Saturday, August 16, 2008

Up To 100 Muslims Involved In Mass Chimpout At The Khadeeja Islamic Center In West Valley City, Utah; Four Injured, Three Arrested

On August 16th, 2008, the Salt Lake Tribune reports that four people were injured and three arrested in a fight at a West Valley City Mosque on Friday August 15th that drew about 100 people leaving midday prayers.

The brawl started as worshippers tried to leave the crowded parking lot at the Khadeeja Islamic Center, 1019 W. Parkway Ave., which is one of six mosques operated along the Wasatch Front by the Islamic Society of Greater Salt Lake (the separate Utah Islamic Center operates its own mosque at 235 W. 9000 South in Sandy). The fight soon spread to others who were leaving. Differing religious views may have escalated the conflict, although one witness believes the fight started over a parking space, since some cars were double-parked. A newer Deseret News story confirms the dispute was over a parking space.

More than 100 people were still at the scene when police arrived at 2:30 p.m. Friday, and fighting was in various pockets. The Friday midday prayers in observance of the Muslim Sabbath routinely draw the largest weekly crowds to the mosque. About 500 to 600 people typically attend Friday services.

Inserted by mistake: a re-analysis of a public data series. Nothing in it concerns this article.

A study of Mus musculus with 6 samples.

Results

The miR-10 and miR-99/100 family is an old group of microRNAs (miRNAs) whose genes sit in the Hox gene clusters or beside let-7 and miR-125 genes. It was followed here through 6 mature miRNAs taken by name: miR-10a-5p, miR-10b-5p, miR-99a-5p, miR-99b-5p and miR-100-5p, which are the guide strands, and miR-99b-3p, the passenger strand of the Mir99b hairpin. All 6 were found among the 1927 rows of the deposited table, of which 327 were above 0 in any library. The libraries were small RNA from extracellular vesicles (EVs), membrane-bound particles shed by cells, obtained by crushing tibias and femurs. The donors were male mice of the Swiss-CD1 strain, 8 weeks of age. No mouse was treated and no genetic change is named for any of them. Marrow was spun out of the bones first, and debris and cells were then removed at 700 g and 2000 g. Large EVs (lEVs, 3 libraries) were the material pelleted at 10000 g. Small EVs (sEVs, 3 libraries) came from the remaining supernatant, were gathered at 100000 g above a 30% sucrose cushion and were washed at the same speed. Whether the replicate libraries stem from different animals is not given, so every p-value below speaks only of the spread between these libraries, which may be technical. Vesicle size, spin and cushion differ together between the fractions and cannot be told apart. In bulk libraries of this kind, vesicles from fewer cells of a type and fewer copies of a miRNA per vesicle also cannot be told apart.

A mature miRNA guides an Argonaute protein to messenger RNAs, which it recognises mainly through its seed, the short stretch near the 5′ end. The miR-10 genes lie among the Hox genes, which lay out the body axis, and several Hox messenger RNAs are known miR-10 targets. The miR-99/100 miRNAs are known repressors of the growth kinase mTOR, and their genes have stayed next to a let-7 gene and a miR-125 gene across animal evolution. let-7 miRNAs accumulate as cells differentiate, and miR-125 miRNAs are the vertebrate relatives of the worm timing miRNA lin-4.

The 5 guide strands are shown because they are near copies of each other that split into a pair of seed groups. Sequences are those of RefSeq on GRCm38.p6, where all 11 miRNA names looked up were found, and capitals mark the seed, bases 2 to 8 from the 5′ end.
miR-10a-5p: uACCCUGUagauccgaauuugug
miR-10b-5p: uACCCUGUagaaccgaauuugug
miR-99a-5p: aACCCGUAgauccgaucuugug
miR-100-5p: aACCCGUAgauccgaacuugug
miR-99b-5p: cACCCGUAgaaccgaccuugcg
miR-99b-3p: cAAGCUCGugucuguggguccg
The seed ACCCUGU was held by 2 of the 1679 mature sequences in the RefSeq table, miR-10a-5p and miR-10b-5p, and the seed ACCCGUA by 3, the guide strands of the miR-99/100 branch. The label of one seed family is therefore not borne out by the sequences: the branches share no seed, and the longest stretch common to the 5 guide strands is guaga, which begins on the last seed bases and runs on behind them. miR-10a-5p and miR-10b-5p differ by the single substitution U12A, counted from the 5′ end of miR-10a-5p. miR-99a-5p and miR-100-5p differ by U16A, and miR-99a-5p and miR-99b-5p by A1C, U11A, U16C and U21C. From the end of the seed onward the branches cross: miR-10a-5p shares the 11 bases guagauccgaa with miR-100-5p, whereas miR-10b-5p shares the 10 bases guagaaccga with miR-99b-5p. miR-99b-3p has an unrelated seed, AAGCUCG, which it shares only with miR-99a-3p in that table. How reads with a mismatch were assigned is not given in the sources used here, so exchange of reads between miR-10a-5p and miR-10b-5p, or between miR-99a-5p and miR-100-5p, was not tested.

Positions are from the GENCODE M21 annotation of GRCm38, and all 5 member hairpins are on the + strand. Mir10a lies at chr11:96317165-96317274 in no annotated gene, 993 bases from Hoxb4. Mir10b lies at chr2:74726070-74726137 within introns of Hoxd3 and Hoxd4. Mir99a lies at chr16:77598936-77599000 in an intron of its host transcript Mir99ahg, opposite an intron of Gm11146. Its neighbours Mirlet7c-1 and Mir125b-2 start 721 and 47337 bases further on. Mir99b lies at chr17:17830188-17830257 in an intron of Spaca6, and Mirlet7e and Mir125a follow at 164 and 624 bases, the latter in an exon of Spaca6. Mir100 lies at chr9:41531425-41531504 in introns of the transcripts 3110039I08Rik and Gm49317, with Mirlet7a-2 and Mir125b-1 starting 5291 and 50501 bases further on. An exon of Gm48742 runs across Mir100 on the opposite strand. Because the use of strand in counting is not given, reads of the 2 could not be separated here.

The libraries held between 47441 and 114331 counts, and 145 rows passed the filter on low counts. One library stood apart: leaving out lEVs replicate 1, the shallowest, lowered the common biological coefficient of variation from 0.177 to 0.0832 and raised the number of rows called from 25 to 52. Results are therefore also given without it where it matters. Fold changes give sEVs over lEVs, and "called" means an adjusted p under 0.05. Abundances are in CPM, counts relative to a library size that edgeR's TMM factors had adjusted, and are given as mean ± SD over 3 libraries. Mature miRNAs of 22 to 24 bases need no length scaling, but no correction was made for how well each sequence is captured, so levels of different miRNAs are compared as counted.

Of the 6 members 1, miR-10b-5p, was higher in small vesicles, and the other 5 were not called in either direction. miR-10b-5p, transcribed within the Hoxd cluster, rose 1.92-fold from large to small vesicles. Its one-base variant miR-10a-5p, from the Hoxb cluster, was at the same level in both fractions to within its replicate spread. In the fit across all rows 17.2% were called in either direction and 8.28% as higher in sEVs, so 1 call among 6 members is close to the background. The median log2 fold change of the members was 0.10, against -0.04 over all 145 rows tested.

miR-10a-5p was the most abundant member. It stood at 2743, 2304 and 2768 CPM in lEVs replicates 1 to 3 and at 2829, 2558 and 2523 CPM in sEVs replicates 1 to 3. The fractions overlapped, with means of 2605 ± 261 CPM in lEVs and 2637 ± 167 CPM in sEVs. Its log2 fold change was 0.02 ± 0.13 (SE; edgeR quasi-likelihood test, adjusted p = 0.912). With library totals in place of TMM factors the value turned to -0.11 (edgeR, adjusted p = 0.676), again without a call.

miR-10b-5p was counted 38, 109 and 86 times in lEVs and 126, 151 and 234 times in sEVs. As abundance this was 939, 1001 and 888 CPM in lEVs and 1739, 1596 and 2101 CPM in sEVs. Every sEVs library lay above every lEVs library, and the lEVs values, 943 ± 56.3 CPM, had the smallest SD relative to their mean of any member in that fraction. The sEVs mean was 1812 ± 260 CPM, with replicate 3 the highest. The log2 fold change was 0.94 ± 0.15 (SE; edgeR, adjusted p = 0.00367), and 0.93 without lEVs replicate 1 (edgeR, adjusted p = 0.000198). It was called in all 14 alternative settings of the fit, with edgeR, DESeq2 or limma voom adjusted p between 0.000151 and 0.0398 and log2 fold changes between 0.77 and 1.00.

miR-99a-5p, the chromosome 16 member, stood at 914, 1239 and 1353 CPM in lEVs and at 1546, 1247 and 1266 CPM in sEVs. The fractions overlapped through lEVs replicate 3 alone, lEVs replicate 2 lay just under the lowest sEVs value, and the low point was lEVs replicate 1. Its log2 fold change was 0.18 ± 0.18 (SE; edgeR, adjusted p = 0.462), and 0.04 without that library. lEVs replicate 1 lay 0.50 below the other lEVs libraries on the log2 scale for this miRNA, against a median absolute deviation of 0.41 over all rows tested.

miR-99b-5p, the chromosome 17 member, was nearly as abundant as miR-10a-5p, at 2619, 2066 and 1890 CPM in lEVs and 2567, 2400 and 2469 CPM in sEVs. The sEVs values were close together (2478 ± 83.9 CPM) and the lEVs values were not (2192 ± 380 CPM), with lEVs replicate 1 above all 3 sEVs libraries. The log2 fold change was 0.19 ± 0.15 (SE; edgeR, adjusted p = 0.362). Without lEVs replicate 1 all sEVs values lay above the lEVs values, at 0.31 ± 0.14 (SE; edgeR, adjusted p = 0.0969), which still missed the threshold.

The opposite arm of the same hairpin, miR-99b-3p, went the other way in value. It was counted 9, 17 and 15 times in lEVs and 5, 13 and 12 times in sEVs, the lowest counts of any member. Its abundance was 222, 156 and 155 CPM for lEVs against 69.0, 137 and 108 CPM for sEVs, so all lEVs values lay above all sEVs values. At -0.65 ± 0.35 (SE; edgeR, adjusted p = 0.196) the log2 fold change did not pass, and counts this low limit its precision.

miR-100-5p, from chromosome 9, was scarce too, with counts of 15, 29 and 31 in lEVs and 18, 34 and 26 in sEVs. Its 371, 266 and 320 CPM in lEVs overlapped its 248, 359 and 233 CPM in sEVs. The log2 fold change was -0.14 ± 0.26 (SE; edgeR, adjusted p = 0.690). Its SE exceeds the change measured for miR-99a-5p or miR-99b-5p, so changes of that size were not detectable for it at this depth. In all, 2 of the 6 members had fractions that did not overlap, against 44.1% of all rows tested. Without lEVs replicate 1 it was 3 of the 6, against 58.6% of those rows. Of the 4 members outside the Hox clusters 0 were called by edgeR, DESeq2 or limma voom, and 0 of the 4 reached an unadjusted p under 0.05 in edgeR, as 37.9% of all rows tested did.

The fight started with a conflict between 27-year-old Joseph Saif and a juvenile, as the crowded parking lot emptied. Saif had a box cutter, and another man, 23-year-old Mohammed Afribi drew a knife to defend the juvenile, starting the fight. A total of four people suffered minor wounds and were treated at the scene. Saif, Afribi, and the juvenile were arrested on suspicion of aggravated assault. The two adults were booked into the Salt Lake County jail while the juvenile was taken to a juvenile detention center.

This is not the first time Muslims have been associated with violence in Utah, although it is rare. Soljo Talovic, the father of Sulejman Talovic who murdered six people in the Trolley Square Massacre in February 2007, was a fighter in Bosnia and a member of the Noor mosque in Salt Lake City. Soljo tried to whitewash what his son had done.